June 28, 2018, by Ari Natter
The Trump administration is crafting a plan to keep old, unprofitable coal and nuclear plants running. The cost? Well, it’s subjective.
“It’s not a dollar figure you can count,” Energy Secretary Rick Perry told reporters Thursday on the sidelines of the World Gas Conference in Washington. “You cannot put a dollar figure on the cost to keep America free, to keep the lights on.”
Perry’s comments were a nod to the Trump administration’s efforts to take extraordinary action to keep money-losing coal and nuclear plants online using a measure reserved for matters of national security. Administration officials have argued that gas-fired power plants rely on pipelines that are vulnerable to cyberthreats and other types of attack, while coal and nuclear plants keep fuel on site, making them more reliable.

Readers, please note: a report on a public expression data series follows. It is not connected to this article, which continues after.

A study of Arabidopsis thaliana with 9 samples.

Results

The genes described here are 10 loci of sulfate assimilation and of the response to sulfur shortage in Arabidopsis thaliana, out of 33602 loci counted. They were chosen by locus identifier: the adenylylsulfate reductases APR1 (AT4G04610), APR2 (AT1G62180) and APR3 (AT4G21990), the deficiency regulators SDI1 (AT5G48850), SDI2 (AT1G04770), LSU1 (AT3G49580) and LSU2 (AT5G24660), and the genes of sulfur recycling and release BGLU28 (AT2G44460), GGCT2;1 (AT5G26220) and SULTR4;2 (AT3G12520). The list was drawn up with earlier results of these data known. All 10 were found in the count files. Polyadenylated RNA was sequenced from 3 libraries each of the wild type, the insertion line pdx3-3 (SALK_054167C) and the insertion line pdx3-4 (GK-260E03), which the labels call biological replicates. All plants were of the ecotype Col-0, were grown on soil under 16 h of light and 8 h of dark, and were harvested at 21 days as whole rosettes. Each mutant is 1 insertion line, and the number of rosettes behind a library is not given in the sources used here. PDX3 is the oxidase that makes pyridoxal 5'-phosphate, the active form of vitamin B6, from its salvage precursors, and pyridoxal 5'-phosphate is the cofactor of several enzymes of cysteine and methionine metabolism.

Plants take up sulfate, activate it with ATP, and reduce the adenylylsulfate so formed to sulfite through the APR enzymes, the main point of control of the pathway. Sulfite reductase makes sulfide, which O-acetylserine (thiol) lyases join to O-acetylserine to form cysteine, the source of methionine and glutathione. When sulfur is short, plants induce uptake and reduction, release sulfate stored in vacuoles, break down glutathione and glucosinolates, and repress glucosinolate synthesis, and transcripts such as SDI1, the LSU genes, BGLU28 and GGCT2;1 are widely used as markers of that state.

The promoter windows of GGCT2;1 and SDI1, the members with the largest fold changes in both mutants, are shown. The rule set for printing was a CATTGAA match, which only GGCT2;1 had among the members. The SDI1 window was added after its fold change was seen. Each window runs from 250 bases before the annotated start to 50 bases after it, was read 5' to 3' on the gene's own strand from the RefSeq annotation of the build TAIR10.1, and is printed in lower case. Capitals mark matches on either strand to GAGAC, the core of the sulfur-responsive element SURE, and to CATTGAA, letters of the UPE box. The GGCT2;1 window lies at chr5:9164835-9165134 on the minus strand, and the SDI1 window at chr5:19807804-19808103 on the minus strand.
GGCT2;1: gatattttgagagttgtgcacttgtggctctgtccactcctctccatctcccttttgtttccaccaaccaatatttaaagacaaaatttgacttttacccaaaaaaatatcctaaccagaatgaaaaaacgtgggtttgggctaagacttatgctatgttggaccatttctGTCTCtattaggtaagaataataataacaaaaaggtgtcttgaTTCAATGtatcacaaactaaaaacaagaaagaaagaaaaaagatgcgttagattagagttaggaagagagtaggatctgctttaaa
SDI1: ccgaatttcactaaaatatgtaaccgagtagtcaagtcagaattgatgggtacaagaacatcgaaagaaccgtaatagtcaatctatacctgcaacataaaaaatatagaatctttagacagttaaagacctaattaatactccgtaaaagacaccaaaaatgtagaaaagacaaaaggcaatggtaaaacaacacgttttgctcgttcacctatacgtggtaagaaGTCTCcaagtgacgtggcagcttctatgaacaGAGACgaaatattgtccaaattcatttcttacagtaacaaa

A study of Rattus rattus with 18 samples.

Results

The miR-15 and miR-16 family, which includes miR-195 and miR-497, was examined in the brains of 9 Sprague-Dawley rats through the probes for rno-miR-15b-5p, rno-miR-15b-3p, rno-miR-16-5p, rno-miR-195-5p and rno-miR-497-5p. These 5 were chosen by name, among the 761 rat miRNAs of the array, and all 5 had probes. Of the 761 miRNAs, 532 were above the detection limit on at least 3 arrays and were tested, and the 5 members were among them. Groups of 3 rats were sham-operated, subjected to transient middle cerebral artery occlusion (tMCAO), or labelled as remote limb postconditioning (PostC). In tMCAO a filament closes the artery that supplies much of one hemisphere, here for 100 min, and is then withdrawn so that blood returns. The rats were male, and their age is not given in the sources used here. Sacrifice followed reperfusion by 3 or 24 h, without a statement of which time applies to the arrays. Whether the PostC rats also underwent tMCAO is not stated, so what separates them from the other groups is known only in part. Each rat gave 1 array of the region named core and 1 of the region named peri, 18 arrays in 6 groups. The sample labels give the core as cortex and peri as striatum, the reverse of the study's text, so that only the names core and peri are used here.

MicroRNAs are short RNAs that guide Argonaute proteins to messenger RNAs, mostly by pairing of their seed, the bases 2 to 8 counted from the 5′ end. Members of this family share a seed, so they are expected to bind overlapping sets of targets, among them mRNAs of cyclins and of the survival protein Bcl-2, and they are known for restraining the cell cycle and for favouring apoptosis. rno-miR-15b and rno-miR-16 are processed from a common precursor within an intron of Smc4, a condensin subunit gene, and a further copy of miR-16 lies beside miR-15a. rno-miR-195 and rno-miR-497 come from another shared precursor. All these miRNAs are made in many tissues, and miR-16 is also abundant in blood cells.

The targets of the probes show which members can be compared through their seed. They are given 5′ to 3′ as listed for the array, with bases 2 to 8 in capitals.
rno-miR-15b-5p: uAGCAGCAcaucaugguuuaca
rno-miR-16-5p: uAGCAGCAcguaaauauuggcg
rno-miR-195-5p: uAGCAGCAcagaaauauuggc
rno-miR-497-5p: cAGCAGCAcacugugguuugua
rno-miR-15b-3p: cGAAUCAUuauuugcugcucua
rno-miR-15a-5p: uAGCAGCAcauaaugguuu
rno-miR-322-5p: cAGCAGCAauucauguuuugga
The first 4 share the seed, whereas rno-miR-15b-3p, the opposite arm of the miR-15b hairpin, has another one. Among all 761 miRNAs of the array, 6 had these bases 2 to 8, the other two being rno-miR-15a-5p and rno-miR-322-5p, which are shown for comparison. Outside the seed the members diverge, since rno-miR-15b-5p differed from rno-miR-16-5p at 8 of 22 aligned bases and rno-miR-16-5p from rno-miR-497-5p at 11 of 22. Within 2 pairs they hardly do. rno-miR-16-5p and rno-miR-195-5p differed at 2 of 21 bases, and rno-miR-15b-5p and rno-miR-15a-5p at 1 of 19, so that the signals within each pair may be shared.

Still, Perry said the department was working on a cost estimate for the proposal, which could result in federal subsidies for dozens of coal and nuclear plants. A draft memo obtained by Bloomberg outlined a plan to force grid operators to buy supplies from struggling plants using an obscure set of laws reserved for emergencies, including the 68-year-old Defense Production Act created at the outset of the Korean War.
Until the number of plants and the price of the subsidies is known, an estimate is hard to come by, although critics of the plan have said it could cost American consumers between $16 billion and $34 billion a year.
“I think American’s understand this is a national security issue,” Perry said.